Chapter 4 - Karl Frederic Moritz Kurtze
Karl Frederic Moritz Kurtze
The story of Barney Barnato, and his nephews, Solly, Woolf and Isaac (Jack) would not be complete without the tale of Karl Frederic Moritz Kurtze.
Back in 1907 there was a trial in London. Karl Frederic Moritz Kurtze was tried for the blackmail of Solomon Joel.
Kurtze was born on December 4th 1857 in Hahausen, Germany. His father died when he was three and he was cared for by his guardian, Ferdinand Gustav Thomas.
According to his guardian, Thomas, Kurtze was a very badly behaved child. On one occasion he stole his father's watch and some spoons, which he sold. At his first school he stole a schoolmasters' pistol, which went off in his pocket and marked his face with powder. He was quickly bundled off to an orphanage until he went to sea in a German sailing ship. He very soon deserted and then joined an English ship, which took him London.
Later he joined the German navy and was sworn in under the name of Kurtze in the 4th Company Second Sailor Division of the German Army at Wilhelmshaven. Not long after he again deserted. He was suspected of having stolen from a certain Captain Wilhelm Von Veltheim, a gold watch and chain and a gold seal set with their family crest.
This is how he became Ludwig von Veltheim. He also used several false names amongst which were, Kurt, Werder and Oliver Jackson. Not only did he serve as a seaman but whilst back in Germany, even represented himself as a British naval officer.
In July 1886, aged 29, he left the MV “Oriana” and we went to Perth in Western Australia where he assumed the name of Von Veltheim explaining that he was the son of Baron Von Veltheim.
Who knows why he then left Australia and sailed for South Africa? To anyone on the look out for a source of easy money he would no doubt have heard of the fabulous sale by Barnato to Rhodes in 1888 making Barnato a target. Before sailing for South Africa he travelled yet again to England.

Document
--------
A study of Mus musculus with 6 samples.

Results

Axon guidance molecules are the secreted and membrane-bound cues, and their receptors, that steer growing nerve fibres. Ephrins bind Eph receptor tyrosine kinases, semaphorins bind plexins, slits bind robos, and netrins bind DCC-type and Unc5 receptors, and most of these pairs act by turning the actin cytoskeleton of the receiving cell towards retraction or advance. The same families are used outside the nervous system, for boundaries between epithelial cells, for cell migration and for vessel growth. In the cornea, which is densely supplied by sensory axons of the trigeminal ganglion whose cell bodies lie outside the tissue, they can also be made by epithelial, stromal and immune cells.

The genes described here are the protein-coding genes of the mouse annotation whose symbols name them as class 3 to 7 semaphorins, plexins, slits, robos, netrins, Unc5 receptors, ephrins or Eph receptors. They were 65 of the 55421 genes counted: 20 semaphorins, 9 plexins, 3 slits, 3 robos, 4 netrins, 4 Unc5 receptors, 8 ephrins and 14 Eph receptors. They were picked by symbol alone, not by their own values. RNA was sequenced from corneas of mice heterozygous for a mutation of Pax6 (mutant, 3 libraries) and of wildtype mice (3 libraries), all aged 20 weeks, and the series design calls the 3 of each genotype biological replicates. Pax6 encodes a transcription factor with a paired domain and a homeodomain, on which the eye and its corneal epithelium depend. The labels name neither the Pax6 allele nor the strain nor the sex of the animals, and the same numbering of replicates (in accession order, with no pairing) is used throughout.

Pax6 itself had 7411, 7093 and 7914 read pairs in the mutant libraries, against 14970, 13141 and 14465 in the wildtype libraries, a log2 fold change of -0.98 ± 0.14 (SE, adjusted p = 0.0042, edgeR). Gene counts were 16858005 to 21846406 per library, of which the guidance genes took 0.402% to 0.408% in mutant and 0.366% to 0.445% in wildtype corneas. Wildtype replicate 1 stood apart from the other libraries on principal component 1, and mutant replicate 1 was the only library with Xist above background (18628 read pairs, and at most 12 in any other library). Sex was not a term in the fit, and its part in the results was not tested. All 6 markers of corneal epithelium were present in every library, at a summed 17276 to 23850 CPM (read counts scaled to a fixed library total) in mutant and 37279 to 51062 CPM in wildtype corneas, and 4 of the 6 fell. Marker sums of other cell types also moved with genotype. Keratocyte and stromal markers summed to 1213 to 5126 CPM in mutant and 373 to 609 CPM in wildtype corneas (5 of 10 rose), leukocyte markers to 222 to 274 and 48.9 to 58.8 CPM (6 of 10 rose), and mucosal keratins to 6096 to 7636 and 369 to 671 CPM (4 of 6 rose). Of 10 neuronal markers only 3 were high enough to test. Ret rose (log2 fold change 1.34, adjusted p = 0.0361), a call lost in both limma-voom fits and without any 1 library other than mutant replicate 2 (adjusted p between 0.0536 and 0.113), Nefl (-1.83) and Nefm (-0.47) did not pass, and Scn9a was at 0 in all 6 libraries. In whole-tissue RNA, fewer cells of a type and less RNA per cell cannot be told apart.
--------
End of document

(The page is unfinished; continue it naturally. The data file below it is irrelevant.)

Kurtze later admitted at his 1907 trial that he had previously been introduced to Barnato in London.
He was a con-man, a thief, a blackmailer, several times a bigamist, several times a deserter, an extortionist and soon to be a murderer.
He was an experienced sailor and was a prolific traveller. He had, as they say, the motive and the opportunity.
What is known is that aged 30, Kurtze left Australia on April 17, 1897 on the SS Ionic bound for Cape Town using the name of F. L. Kurt. In July of the same year he joined the Cape Police at Kimberley.
By joining the police he would have had access to a lot more information about the Barnato and Joel families.
His previous history had come to the notice of the South African authorities following the publicity about the erroneous identification by his real wife of the dead body of a sailor found in the Thames. He was asked to resign from the Cape Police in December, 1897.
Nine months after Barnato died, Kurtze began his attempt to blackmail the Joel brothers, with the result that he shot and killed Woolf Joel in his office in Johannesburg, shooting him three times in front of Woolf’s office Manager.
Kurtze claimed that both Woolf's manager and Woolf had drawn pistols and he shot to defend himself.
He was tried and acquitted by a Boer jury that was both anti-British and anti-Semitic.
During the trial, von Veltheim said that he was supposed to be orchestrating a plot to kidnap Paul Krueger, President of the Transvaal Boer Republic that Barnato and Joel were backing. It was suggested by Brian Roberts, in his book, The Diamond Magnates, that Barnato may have been approached by von Veltheim too.
After his acquittal, Kurtze was very quickly re-arrested on blackmail charges and finally expelled from the Transvaal. He returned there in December 1898 but was arrested for breach of his expulsion order and served four months in prison.
He was freed in March 1899, a bitter man wanting revenge.
In June 1907 Kurtze wrote to Solomon Joel demanding £12,000 and continued his blackmail with menaces. This time Solomon Joel alerted Scotland Yard and Kurtze was arrested and tried for blackmail in London.
After a long trial the jury took just twenty minutes to find him guilty and he was sentenced to twenty years in prison.